From ANIMAL PEOPLE, June 2001:
Dennis Puleston, 95, founding chair of the Environmental Defense Fund, died on June 8 at his home in Brookhaven, New York. Born in Britain, Puleston was already “an avid naturalist and skilled painter of birds” according to New York Times obituarist Paul Lewis, when he sailed a small boat to the U.S. in 1931 with a friend. He sailed on to China by 1937, before the outbreak of World War II forced his return to Britain. His 1939 marriage to Betty Wellington of New York sent him back to the U.S. as a permanent resident.
In 1942 Puleston helped to design the “Duck” amphibious landing craft, then trained Allied Forces to use it. Puleston personally participated in amphibious operations in the Solomon Islands, New Guinea, and Burma; trained the D-Day “Duck” drivers in Britain after recovering from a spinal wound; and joined in the invasions of Iwo Jima and Okinawa. For his “Duck” work, Puleston was awarded the Medal of Freedom in 1948 by President Harry S. Truman.
The same year, while working at the Brookhaven National Laboratory, Puleston began a longterm study of the ospreys of Gardiners Island, off eastern Long Island. “By the early 1960s,” wrote Lewis, “he had concluded that the ospreys were dying out as a result of DDT sprayed to keep down mosquitos. In 1966, four years after the publication of Rachel Carson’s book Silent Spring, Puleston and several colleagues won a lawsuit against the Suffolk County Mosquito Control Department and secured a year-long ban on DDT spraying.” Puleston et al incorporated EDF in 1967 to follow up with national advocacy. By the time Puleston left the chair, in 1972, DDT was banned nationwide. He spent the last three decades of his life developing the ecotourism industry as a lecturer and guide, leading 35 expeditions to Antarctica.
Col. Henry John “Todd” Sweeney, 82, died on June 4. Director General of the Dogs Home Battersea in London from 1974 until retirement in 1988, Sweeney led one of the two platoons of glider-borne British troops who seized and held a key bridge over the Orne River during the wee hours of the morning on June 6, 1944, in the pivotal first skirmish of D-Day.
Sathi Raju, remembered by Visakha SPCA founder Pradeep Kumar Nath as “a faithful turtle-watcher,” died on June 2 from either a heart attack or heat stroke after serving his daily shift protecting nesting green sea turtles along the beach at Visakhapatnam, India.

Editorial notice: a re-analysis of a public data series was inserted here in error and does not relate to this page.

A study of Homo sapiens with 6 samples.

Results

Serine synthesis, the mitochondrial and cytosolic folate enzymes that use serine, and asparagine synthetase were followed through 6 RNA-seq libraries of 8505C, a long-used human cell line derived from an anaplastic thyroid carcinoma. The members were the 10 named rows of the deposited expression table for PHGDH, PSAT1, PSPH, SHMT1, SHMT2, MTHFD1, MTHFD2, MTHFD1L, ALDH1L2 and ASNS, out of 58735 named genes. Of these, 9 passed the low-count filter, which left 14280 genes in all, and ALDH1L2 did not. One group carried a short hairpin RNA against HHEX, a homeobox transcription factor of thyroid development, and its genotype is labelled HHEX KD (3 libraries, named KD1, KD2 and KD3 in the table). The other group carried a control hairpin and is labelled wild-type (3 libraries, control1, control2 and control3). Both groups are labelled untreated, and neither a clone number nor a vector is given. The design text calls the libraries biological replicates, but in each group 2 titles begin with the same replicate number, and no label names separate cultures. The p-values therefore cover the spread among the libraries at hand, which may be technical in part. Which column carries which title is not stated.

Vernon W. Evans Jr., 81, of Lutz, Florida, died in June at a Tampa nursing home after a long fight with Parkinson’s disease. “He was the judge who ended the use of pound dogs and cats in medical research in Florida,” remembered Birusk Tugan of the Tampa Tribune. “‘Taking a live, healthy animal, subjecting it to surgical intervention, and then keeping it alive afterward–calling this humane is almost blasphemy,’ Evans ruled in December 1986 when he stopped Hillsborough County from selling pound dogs and cats to the University of South Florida. ‘Humane has a meaning,’ Evans said. ‘It doesn’t have one meaning for four-legged animals and another for two-legged animals.'”
Victor G. Koppleberger, 83, died on June 14 at his home in Medina, Ohio. A humane officer, wildlife rehabilitator, and naturalist for more than 30 years, Kopple-berger was previously a hunter. Recalled Cleveland Plain Dealer reporter Donna Robb, who profiled Koppleberger for ANIMAL PEOPLE in 1993, “One night he had a vivid dream in which he stood for judgement before every animal he had ever killed. He said the dream was so powerful that from that day he devoted his life to helping animals.”
Charles Schreiner III, 74, of Mountain Home, Texas, died of congestive heart failure on April 22. As heir to his grandfather’s Y.O. Ranch, Schreiner began trying to preserve the Texas longhorn cattle lineage in 1957, when there may have been fewer than 1,000 authentic longhorns left, and founded the Texas Longhorn Breeders’ Association of America in 1964. There are now about 250,000 longhorns on U.S. ranches. Schreiner also “led a movement to raise exotic animals from Africa and Asia on Texas ranches and charge hunters to shoot them,” recalled Douglas Martin of The New York Times, which made Schreiner more-or-less the inventor of the “canned hunt.”